Clock Is Running On The GSE Patch

February 5, 2019 at 9:35 am Leave a comment

One of my favorite Assemblymen when I worked in  the assembly was a curmudgeonly fiscal hawk from Long Island who once explained to me that in politics, if you think more than six months ahead you are a visionary. This quote came to mind this morning as I was reading this article from the American Banker explaining why the clock is now ticking for GSE reform whether Congress wants it to or not.

First, let’s take a trip down memory lane back to the regulatory dentist chair that was Dodd-Frank for so many compliance people and legal eagles. Remember that under Dodd-Frank, qualified mortgages are given “safe harbor” protection against claims that a consumer did not have the ability to repay a mortgage loan they were given. The CFPB regulations and congressional statute created maximum debt to income ratios for mortgage loans to qualify as QM mortgages, Congress also said that any loan which that qualify for sale to Fannie, Freddie and other GSE’s would also qualify as QM mortgages.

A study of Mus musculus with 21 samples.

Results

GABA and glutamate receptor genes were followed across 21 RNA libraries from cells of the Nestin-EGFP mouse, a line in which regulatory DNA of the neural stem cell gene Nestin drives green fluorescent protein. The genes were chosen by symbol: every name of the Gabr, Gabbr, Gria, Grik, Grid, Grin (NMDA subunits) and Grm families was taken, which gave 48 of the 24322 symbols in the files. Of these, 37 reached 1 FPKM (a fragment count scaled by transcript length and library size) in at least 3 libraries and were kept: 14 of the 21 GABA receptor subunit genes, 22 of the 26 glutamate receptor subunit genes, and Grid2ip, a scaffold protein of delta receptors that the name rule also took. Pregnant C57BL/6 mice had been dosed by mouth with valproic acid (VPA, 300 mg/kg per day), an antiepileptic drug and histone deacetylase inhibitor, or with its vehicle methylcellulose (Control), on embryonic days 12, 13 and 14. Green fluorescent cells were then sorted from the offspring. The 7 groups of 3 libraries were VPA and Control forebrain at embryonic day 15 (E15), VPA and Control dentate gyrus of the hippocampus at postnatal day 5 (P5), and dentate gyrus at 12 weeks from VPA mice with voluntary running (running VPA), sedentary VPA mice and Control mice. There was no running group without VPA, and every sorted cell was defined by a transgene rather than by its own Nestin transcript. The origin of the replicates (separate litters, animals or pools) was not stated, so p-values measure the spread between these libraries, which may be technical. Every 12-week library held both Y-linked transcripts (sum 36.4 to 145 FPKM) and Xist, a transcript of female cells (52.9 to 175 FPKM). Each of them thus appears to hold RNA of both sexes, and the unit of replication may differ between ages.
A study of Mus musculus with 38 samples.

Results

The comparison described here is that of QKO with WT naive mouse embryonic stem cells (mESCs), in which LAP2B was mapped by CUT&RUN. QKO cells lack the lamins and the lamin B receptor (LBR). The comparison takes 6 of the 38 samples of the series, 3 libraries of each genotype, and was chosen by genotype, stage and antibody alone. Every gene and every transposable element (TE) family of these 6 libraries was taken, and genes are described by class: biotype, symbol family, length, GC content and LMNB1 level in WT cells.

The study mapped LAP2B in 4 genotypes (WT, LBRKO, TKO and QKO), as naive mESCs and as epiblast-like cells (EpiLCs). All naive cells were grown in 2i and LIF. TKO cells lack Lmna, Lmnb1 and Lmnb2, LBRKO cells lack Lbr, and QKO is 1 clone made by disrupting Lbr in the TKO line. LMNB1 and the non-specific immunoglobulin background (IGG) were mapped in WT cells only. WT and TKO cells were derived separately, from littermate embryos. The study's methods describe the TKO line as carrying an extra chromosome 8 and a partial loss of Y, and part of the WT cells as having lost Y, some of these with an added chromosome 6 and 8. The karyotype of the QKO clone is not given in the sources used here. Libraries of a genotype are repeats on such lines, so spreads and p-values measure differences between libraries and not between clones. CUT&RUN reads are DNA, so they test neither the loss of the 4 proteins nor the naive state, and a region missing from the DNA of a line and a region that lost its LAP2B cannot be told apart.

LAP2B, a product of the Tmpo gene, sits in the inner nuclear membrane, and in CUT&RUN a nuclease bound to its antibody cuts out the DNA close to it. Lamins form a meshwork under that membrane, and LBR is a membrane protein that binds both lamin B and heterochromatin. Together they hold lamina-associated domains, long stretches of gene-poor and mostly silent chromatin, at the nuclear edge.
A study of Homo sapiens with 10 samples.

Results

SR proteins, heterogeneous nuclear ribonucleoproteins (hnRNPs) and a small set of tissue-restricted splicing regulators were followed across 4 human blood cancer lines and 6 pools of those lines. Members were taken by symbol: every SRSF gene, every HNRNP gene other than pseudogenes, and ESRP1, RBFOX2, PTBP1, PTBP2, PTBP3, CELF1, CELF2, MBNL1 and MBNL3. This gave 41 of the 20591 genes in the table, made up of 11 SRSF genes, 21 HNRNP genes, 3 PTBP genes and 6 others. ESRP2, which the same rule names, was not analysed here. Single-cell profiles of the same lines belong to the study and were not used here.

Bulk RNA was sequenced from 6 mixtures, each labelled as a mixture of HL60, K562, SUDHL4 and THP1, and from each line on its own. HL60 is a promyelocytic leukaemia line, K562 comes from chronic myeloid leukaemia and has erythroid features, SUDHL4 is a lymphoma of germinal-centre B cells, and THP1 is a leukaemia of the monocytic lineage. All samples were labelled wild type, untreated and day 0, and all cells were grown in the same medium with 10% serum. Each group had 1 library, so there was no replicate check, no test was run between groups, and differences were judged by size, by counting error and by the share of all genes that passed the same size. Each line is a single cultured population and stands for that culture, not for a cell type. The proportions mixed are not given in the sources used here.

Fannie and Freddie have taken full advantage of this flexibility. As of December 2018  loans with debt-to-income ratios as high as 50% which meet certain other criteria qualify as QM mortgages. In contrast, under the CFPB’s promulgated regulations, the maximum debt to income ratio is 43%. (See 1026.43)

This is a big deal. Research highlighted by the American Banker indicates that in 2018 29% of loans purchased by Fannie Mae, 24.9% of loans purchased by Freddie Mac and a whopping 55.3% of FHA loans had debt to income ratios above the 43% ceiling.

Which brings us to why the clock is ticking. Dodd-Frank gave Congress eight years to restructure the existing GSE framework. If it does not accomplish this, effective January 10, 2021, the GSE’s turn back into a pumpkin and no longer have the authority to issue loans with D-T-I’s in excess of the general Dodd-Frank caps. Something tells me we’re about to see the start of a giant game of chicken with each side trying to exact desired housing reforms in return for extending the GSE loophole. Unfortunately, as the uncertainty over the exception grows, so to will its potential impact on the mortgage market. Stay tuned.

Entry filed under: Mortgage Lending, Regulatory. Tags: , .


Henry Meier, Esq., Senior Vice President, General Counsel, New York Credit Union Association.

The views Henry expresses are Henry’s alone and do not necessarily reflect the views of the Association. In addition, although Henry strives to give his readers useful and accurate information on a broad range of subjects, many of which involve legal disputes, his views are not a substitute for legal advise from retained counsel.